Wednesday, July 26, 2006

Taht Al-Sakif (Under the Ceiling), Syria, 2005

Nidal Al-Dibs has taken the risk of making an introsespective film with Taht Al-Sakif or Under the Ceiling. It would be presumptuous to think that Syrians by nature are introspective, and that there is a touch of wistful sadness to the Syrian way of life. Though that is what Nidal's film conveys. It is about Marwan, who loses his poet-friend, Ahmed, at the beginning of the film. The rest of the narrative is about coming to terms with the death of his friend, and the women in his life.
Though there is not much overt action, and the film gives the impression of a brooding memoir, Nidal uses the brooding mode to show that Ahmed, who was a rousing political poet and the centre of Marwan's circle, was merely indulging in youthful rebellion, full of emotional high and rhetoric, and that there was no action. It is a difficult idea to put across, and that is what Nidal does. It is a fine achievement.
Nidal said after the screening of the film that he was the first to make a critical comment about the earlier period in Syria's politics. And that comment clarifies the film as nothing else does. Everything falls in place.
Marwavn slowly tries to come out of the magic spell of his dead friend, make a tourist film about Damascus, accept the young girl whom his nephew loves but who loves him instead, look on with sadness at the woman and her child -- who is his own son -- who have been neighbours in the small house he had been living in ever since the family came to Damascus in 1967. The date has a political signficance. Marwan reveals through a voiceover that his father wanted to name him Jamal -- in admiration for Jamal Abdel Nasser -- but found that the Syrian authorities did not any more favour Nasser. So he ends up naming his son after the official. The film is replete with indirect political comments of such significance.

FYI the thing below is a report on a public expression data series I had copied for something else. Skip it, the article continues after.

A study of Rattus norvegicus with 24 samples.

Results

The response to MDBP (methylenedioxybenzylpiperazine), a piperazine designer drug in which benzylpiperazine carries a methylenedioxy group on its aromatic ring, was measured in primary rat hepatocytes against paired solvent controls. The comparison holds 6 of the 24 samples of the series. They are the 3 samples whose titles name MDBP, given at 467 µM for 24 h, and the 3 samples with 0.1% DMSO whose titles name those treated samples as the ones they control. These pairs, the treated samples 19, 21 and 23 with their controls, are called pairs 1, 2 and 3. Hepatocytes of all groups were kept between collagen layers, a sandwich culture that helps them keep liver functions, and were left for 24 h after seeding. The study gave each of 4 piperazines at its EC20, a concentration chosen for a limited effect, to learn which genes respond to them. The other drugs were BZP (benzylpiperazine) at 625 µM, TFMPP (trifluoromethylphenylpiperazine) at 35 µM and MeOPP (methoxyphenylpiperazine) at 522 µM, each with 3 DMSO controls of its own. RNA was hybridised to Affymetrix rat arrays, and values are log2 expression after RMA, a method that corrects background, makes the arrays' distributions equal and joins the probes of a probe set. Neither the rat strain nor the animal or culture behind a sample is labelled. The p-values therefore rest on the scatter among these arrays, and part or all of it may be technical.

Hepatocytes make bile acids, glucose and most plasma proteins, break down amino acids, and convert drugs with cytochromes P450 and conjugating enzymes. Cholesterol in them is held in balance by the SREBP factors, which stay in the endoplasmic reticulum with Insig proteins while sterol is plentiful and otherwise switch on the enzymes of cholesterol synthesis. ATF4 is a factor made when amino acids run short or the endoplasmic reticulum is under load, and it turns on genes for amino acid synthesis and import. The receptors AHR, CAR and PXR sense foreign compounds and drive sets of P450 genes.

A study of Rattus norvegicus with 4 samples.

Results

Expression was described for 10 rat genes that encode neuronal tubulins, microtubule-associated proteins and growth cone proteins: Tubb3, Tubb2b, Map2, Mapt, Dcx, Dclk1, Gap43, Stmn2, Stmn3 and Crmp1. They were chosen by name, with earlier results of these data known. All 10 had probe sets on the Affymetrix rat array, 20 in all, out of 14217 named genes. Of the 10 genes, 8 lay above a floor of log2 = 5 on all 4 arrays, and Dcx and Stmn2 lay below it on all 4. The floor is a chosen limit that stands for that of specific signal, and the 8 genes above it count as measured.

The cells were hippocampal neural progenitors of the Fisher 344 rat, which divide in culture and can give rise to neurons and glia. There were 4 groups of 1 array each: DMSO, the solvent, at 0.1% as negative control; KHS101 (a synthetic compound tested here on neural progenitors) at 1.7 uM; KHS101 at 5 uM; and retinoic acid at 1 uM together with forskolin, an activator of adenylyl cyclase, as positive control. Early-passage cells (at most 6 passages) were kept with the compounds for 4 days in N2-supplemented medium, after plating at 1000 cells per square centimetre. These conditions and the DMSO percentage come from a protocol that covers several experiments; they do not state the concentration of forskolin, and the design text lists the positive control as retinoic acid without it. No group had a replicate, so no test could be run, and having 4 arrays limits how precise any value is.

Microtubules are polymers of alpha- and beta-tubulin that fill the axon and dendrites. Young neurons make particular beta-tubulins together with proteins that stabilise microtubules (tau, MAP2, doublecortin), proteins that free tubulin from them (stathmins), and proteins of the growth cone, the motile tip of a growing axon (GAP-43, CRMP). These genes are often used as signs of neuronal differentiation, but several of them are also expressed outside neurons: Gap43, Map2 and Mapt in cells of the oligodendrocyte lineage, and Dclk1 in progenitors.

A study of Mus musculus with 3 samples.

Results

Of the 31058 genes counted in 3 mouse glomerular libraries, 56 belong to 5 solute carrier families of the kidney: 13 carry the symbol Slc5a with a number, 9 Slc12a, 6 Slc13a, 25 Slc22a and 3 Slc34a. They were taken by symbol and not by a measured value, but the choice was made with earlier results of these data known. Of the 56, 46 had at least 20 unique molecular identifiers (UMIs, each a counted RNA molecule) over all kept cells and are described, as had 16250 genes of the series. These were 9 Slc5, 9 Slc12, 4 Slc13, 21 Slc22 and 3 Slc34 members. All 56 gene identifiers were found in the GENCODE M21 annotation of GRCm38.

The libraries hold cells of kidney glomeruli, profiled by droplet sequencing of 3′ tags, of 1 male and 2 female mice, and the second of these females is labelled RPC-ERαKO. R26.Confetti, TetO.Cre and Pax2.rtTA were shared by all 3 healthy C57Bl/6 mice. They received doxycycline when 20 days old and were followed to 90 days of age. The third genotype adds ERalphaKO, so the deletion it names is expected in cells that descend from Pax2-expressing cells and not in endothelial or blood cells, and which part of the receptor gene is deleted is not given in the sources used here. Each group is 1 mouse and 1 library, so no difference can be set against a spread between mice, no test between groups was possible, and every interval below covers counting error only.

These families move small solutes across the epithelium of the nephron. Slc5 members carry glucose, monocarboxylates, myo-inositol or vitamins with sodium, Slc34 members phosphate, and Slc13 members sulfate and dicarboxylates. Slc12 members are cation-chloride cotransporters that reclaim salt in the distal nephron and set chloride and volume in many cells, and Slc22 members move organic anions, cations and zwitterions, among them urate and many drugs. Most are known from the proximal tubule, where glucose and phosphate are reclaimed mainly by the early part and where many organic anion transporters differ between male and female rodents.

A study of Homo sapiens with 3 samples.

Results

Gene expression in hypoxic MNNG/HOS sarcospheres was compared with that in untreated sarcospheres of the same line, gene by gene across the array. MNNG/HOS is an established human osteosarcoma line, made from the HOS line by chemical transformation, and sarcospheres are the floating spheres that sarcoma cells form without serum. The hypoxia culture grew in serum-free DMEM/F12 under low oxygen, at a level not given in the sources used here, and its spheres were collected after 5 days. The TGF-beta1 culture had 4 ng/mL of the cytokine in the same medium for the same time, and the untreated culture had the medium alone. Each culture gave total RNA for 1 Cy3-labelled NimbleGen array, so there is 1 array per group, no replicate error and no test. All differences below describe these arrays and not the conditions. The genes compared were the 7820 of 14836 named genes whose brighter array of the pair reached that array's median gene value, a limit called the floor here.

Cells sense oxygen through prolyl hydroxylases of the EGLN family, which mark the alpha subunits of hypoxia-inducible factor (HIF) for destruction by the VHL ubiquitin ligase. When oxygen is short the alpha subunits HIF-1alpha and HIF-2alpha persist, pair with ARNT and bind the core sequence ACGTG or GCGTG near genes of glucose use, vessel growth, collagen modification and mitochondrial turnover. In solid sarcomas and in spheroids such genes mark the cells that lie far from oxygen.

But the real movement shows how the dead poet's muse and mistress, who also loves Marwan, pushes Marwan to accept the great limitations of Ahmed, their common friend. Marwan finds it difficult to pull away, but he does by the end of the film.
Taht Al-Sakif is not as absorbing as Banat Wist El Balad. It is different, slightly puzzling to the outsider. But the film succeeds in indirectly showing the changes happening in Syria at the moment. Young people are shown to be turning away from politics, and looking to making their careers. But the past casts a shadow over them, alright. Taht Al-Sakif turns out to be a subtle barometer of changes in the political and cultural spheres.